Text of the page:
S.2056 - Broadcast Decency Enforcement Act of 2004108th Congress (2003-2004)
|Sponsor:||Sen. Brownback, Sam [R-KS] (Introduced 02/09/2004)|
|Committees:||Senate - Commerce, Science, and Transportation|
|Committee Reports:||S. Rept. 108-253|
|Latest Action:||04/05/2004 Placed on Senate Legislative Calendar under General Orders. Calendar No. 471. (All Actions)|
Reported to Senate with amendment(s) (04/05/2004)
Title I: Broadcast Decency - Broadcast Decency Enforcement Act of 2004 - (Sec. 102) Amends the Communications Act of 1934 to provide that, if the violator of the terms and conditions of any Federal Communications Commission (FCC) license, permit, or certificate is either a broadcast station licensee or permittee or an applicant for a broadcast license, permit, or certificate, and such violator is determined by the FCC to have broadcast obscene, indecent, or profane language or images, the amount of forfeiture penalty shall not exceed $275,000 for the first violation, $375,000 for the second, and $500,000 for the third and any subsequent violation, with a 24-hour period limit of $3 million. Requires the FCC, when determining a penalty, to consider the violator's ability to pay.
Directs the FCC to commence a proceeding for revocation of a station license or construction permit of a broadcast station if, in each of three or more proceedings during the term of a broadcast license, such licensee is ordered to pay forfeitures for the above violations by either: (1) the FCC and such forfeitures have been paid; or (2) a court and such orders have become final.
(Sec. 103) Directs the FCC, in the case of such a violation, to take into account various factors with respect to the degree of culpability, including whether: (1) the material was live or recorded, scripted or unscripted; (2) the violator had a reasonable opportunity to review the programming; (3) a time delay blocking mechanism was implemented; and (4) the violation occurred during a children's program or during children's viewing hours. Allows the FCC, when aggravating factors are present, to double the fine amounts for such violations.
(Sec. 104) Revises provisions concerning non-licensed violators and authorizes the FCC to fine such violators if the person should have known that the material would be broadcast. Increases to $500,000 for each violation the fine authorized for such violators.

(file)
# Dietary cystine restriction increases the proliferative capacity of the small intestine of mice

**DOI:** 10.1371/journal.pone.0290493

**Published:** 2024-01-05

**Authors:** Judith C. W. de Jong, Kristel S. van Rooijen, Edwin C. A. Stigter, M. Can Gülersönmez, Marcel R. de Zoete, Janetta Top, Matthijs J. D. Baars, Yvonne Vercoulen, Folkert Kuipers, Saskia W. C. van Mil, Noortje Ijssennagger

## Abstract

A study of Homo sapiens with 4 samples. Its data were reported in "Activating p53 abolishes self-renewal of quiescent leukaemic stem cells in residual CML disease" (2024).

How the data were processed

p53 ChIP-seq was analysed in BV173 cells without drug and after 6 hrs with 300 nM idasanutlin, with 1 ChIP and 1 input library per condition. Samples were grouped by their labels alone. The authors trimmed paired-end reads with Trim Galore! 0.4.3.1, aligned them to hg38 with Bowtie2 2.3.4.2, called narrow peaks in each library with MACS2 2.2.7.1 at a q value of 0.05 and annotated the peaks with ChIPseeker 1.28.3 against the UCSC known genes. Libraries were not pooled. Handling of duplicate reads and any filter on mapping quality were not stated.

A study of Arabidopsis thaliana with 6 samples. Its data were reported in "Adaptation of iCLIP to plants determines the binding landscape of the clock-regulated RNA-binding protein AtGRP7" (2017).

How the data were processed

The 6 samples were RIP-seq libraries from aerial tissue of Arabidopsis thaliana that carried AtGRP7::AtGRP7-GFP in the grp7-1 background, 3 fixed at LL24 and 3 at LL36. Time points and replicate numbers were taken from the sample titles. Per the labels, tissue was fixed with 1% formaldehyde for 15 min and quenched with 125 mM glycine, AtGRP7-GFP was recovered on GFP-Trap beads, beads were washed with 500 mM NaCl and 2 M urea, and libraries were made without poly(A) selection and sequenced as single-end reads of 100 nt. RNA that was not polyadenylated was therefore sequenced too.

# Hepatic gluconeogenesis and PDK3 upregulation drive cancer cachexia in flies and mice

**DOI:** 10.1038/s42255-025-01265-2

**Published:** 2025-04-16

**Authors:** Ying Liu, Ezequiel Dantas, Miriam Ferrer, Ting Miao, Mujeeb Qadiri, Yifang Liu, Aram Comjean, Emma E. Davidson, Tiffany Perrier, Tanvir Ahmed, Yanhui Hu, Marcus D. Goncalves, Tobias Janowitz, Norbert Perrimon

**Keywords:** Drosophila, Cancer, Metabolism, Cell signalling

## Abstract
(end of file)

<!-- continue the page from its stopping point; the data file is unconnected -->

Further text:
(Sec. 105) Authorizes any State, regional, or national association of broadcasters or networks, or any group of network affiliates, to enter into a voluntary code of conduct providing a family viewing policy for early evening television viewing hours (the first hour of prime time and the hour immediately preceding such hour).
(Sec. 106) Sets a deadline of 270 days for FCC response to complaints received for violations of this Act.
(Sec. 107) Requires an annual FCC report to specified congressional committees on complaints received and action thereon.
(Sec. 108) Directs the Comptroller General to conduct a study of, and report to specified committees on, an examination of the relationship between the increasing consolidation of broadcast media ownership and violations of this Act.
(Sec. 109) Requires the FCC to implement the requirements of this Act within 180 days after enactment.
Title II: Children's Protection From Violent Programming - Children's Protection from Violent Programming Act - (Sec. 203) Directs the FCC to assess the effectiveness of measures to require television broadcasters and multichannel video programming distributors to rate and encode programming that could be blocked by parents by use of a V-chip. Authorizes the FCC, if it finds such measures ineffective, to prohibit the distribution of violent video programming during hours when children are reasonably likely to comprise a substantial portion of the audience.
(Sec. 204) Makes it unlawful for any person to distribute to the public any violent video programming not blockable by electronic means specifically on the basis of its violent content. Provides for exemptions for: (1) programming (including news programs and sporting events) the distribution of which does not conflict with the objective of protecting children from the negative influences of violent video programming; and (2) premium and pay-per-view direct-to-home satellite programming. Applies to such distribution violations the same penalties provided under Title I.
(Sec. 205) Requires the FCC to continue to study and report to specified committees on the marketing to children of violent content by the motion picture, music recording, and computer and video game industries, including improvements to marketing practices developed and implemented by those industries.